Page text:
Efficient uranium absorption achieved by layered manganese thiophosphite intercalated with ammonium
With the rapid development of nuclear power around the world, the demand for uranium continues to increase. As a result, large amounts of uranium-containing wastewater are generated throughout the nuclear fuel cycle as well as during the reprocessing of spent fuel. Uranium (U) is highly chemically toxic and strongly carcinogenic to the living system. Therefore, it is important to develop materials capable of capturing U (VI) ions efficiently and selectively.
In a study published in Chem. Ing. J., Prof. FENG Meiling of Prof. HUANG Xiaoying’s Research Group at the Chinese Academy of Sciences’ Fujian Structure of Matter Research Institute reported layered manganese thiophosphate intercalated with NH4+, namely (NH4)0.48Mn0.76PS3H2O (N-MPS), which could quickly and selectively separate U (VI) from complex solutions. This is the first report of a manganese thiophosphite intercalation compound (MnPS3) to efficiently enrich U (VI).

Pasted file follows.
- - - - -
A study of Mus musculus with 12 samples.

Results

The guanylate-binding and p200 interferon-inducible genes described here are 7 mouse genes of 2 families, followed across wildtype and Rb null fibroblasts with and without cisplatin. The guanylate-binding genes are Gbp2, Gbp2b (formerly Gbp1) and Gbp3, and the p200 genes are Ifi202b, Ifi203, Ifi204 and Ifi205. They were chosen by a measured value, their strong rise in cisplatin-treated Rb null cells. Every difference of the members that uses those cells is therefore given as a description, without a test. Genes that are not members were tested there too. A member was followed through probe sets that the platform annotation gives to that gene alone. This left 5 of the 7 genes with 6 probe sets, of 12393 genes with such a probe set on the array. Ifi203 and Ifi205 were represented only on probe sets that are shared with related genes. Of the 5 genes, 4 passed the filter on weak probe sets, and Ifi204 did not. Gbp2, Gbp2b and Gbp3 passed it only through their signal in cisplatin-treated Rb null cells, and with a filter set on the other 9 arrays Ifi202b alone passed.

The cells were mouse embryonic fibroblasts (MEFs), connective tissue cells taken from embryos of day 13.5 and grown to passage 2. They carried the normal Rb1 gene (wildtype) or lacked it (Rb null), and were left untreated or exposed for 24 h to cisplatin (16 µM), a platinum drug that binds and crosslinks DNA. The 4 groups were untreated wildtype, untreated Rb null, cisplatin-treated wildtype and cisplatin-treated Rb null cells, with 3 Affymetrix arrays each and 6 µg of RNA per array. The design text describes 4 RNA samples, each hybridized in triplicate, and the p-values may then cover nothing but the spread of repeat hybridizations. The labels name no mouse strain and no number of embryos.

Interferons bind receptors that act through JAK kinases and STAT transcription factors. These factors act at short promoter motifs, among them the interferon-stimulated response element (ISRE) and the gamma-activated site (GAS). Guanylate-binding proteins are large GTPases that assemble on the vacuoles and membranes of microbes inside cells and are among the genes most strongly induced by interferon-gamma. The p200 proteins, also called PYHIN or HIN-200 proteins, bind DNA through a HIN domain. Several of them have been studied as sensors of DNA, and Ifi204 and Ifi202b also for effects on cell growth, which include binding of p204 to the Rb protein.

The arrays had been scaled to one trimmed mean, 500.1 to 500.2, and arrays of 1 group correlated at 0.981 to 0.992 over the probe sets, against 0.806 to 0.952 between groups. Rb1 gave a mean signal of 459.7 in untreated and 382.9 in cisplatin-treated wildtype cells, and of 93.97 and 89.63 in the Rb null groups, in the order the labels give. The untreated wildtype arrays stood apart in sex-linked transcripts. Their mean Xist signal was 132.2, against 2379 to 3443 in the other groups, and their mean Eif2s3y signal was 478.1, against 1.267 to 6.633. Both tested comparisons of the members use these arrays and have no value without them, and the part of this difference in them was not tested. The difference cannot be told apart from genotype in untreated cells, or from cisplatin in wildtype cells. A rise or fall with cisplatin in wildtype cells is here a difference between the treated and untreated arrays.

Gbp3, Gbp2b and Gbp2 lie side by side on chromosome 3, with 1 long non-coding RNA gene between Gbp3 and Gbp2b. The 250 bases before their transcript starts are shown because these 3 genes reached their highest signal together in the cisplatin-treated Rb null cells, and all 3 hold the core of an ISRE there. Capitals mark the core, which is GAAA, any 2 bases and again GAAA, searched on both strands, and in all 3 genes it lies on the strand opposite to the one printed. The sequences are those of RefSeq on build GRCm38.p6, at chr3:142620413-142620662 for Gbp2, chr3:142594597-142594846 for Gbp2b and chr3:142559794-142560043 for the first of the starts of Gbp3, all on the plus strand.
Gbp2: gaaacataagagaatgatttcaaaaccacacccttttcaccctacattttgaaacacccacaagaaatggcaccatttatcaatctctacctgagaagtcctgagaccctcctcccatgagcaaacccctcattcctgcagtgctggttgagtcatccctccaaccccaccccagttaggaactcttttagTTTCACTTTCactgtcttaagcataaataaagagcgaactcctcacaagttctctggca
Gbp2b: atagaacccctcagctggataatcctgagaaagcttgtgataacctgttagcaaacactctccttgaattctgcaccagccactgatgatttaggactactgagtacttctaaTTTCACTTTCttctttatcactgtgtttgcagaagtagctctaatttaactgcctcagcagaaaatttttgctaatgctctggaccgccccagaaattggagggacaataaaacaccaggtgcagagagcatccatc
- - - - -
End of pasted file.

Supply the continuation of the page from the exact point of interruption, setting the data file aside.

The researchers prepared the N-MPS by immersing a quantity of MnPS3 in 2 mol / L NH4Cl aqueous solution and stirring at room temperature for 24 hours. The prepared N-MPS exhibits good durability at pH (2.8-12.2) and good resistance to β / γ-ray irradiation (100-200 KGy).
In addition, they found that N-MPS exhibits exceptional capacity (much higher than that of some reported superior sulfide adsorbents), rapid kinetics and superb selectivity towards U (VI).
In particular, the distribution coefficient values obtained in contaminated tap water and lake water are up to 2.23 × 104 ml / g.
It is important to note that the adsorbed U (VI) could be eluted by a gentle and environmentally friendly method for uranium recovery and adsorbent regeneration for at least five cycles.
Using various characterizations (Raman, XPS, Zeta potential and EXAFS) and batch adsorption experiments, the researchers revealed that the mechanism of N-MPS adsorption for U (VI) is the synergy of ion exchange and surface adsorption.
This study not only shows that intercalated metal sulphides have good application potential for highly efficient separation of U (VI) from wastewater, but also paves the way for the development of new high performance adsorbents by intercalation.